Geoscience Australia has been selected from over 100,000 organisations world-wide to receive a global award for its ground-breaking work in mapping the world's deep-seabed in the search for missing Malaysian Airlines flight MH370.
The Esri Special Achievement in GIS (SAG) Award, recognised Geoscience Australia’s innovative use of Geographic Information System (GIS) technology to advance mapping of the deep oceans.
The search for MH370 led to discoveries including underwater volcanoes, mountains and trenches, and improved the accuracy of ocean depths by up to 2,000m.
These insights are expected to support benefits to science, industry, and government cooperation for future marine search.
In San Diego to accept the award on behalf of Geoscience Australia, Chief Scientist Dr Adam Lewis said this team of experts used the world’s most advanced location-based analytics software – Esri GIS technology – to derive meaningful insights from the largest marine survey ever conducted.
“A key requirement from the outset of the search was to create a detailed and accurate picture of the ocean floor, so that we could begin to determine what may have happened to the debris.
“To do this, we used GIS technology to map and analyse an unprecedented volume of data, including over 278,000 square kilometres of shipboard bathymetry data, and another 432,000 square kilometres of data collected on the journey to and from the search zone.
“The visual language of maps is a very effective way to communicate, so we used dynamic real-time maps to share updates about the search and our findings with other government agencies in Australia, Malaysia and China; members of the public; and – most importantly – the families of those on board the flight.
“The search also demonstrated the great value of open data. Some of the key data and insights we generated in the search has been made available to anyone in the world in high-resolution format.
“This is a global first in government open data. While we captured the data as part of the search for flight MH370, it is through making the data open that the scientific, industry and other benefits come to pass”
Esri Australia and Esri South Asia Group Managing Director Brett Bundock said the implications of Geoscience Australia’s discoveries would enable more sustainable and efficient operations across many industries, from petroleum to telecommunications.
“The maps created by Geoscience Australia provide more precise insight into tides, seafloor depth, ocean temperatures and seabed terrain than has ever been available before,” said Mr Bundock.
“Using GIS technology to create an accurate and detailed picture of the seafloor is critical for understanding factors such as: environmental change; tsunami forecasting; mineral extraction; oil and gas exploration; infrastructure construction; and cable and pipeline routing – to name just a few areas.
“For example, petroleum companies can use the technology to more effectively plan and manage their ocean pipeline network, to ensure their real-time operations are optimised and the risk of oil spills is mitigated.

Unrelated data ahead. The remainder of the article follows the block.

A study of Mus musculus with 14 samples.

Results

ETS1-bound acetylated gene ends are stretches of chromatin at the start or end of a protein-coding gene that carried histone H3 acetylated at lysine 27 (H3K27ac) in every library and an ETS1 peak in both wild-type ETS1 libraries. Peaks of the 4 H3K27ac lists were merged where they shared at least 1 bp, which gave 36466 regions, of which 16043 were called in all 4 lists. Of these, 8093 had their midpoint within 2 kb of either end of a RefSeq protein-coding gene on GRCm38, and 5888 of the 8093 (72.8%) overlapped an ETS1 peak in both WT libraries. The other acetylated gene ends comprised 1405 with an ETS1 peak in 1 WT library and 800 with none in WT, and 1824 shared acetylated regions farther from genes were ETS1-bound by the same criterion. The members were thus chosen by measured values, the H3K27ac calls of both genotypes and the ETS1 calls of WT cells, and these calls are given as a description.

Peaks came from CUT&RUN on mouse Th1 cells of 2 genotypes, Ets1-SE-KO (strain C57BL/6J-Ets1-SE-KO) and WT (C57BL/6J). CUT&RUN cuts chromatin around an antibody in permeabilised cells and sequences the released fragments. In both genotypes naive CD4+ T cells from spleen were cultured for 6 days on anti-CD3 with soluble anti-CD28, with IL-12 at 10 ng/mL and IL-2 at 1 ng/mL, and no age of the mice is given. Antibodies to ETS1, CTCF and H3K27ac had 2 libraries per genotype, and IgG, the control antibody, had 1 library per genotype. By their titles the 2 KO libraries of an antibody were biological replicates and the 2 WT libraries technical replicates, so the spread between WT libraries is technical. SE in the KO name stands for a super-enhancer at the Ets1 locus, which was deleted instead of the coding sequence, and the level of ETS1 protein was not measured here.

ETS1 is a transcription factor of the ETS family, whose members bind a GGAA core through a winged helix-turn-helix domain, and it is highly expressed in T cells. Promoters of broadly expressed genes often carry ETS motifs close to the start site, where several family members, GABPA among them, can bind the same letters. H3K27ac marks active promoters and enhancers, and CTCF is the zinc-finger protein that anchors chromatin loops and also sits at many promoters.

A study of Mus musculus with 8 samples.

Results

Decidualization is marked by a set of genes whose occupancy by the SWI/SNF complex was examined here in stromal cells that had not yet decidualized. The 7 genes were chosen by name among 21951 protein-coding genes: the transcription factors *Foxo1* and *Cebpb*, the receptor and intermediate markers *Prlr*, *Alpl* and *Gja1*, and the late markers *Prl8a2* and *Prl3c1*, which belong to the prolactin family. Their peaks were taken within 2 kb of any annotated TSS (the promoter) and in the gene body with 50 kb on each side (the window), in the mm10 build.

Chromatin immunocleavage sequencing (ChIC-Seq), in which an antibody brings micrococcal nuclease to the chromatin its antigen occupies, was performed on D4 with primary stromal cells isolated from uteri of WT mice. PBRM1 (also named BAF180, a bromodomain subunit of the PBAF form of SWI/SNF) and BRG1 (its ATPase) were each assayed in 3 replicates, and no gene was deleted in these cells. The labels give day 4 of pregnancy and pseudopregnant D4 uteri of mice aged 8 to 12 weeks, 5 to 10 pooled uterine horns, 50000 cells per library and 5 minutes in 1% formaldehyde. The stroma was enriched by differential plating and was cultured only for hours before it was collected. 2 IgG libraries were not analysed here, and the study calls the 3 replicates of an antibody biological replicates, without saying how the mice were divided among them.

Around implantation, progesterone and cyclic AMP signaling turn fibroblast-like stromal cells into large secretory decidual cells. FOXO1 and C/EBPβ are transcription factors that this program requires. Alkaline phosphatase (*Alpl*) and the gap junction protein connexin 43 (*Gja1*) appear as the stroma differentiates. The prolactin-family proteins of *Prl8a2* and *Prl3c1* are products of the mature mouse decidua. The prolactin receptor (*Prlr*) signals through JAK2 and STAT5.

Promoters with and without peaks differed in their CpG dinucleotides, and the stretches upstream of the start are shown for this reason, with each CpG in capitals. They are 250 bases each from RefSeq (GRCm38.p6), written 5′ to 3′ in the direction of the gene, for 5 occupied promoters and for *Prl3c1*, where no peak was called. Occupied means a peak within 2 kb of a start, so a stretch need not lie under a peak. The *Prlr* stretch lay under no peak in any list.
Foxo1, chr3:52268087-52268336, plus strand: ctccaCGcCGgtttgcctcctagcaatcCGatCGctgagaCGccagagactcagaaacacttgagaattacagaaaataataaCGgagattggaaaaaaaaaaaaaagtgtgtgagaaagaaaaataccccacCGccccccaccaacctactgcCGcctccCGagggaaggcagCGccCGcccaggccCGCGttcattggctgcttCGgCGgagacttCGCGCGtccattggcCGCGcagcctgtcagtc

“Commercial fisheries can use these insights to pinpoint the locations of fish and dramatically decrease the time taken to catch their allowance – which in-turn generates cost-savings and environmental benefits from reducing fuel consumption and time spent on ocean.
“Telecommunications organisations, which are increasingly investing in submarine cables for inter-country connectivity, will have a clear picture of the most efficient and safe location for their seabed cable network.
“We congratulate Geoscience Australia for their meaningful achievements in this field which will make a significant difference not only to Australians, but to communities around the world.”
Beyond the SAG Award, Geoscience Australia was also recognised for establishing a new multi organisational cooperative group – AusSeabed – to coordinate seabed mapping activities in Australia.
This initiative will contribute to the international mapping objectives of the The Nippon Foundation- GEBCO’s Seabed2030 project. Launched at the United Nations (UN) Ocean Conference in 2017, this project looks to bring together scientific agencies from around the world to map the entire ocean floor in high resolution by 2030.
Satinder Bindra, Director of The Nippon Foundation-GEBCO Seabed2030 Project, said Geoscience Australia’s significant progress in seafloor mapping provided a strong foundation for producing a definitive map of the world ocean floor.
“The Seabed2030 project brings together scientific agencies from around the world to map the entirety of the world’s ocean floor in high resolution by 2030,” said Mr Bindra.
“Achieving this goal will rely on a multitude of organisations, in both the public and private sectors, coming together to donate bathymetric data for the cause of science.
“A large portion of the world’s ocean floor remains unmapped – and we congratulate Geoscience Australia for their contribution in helping us ‘map the gaps’ and for winning the prestigious Esri SAG Award.”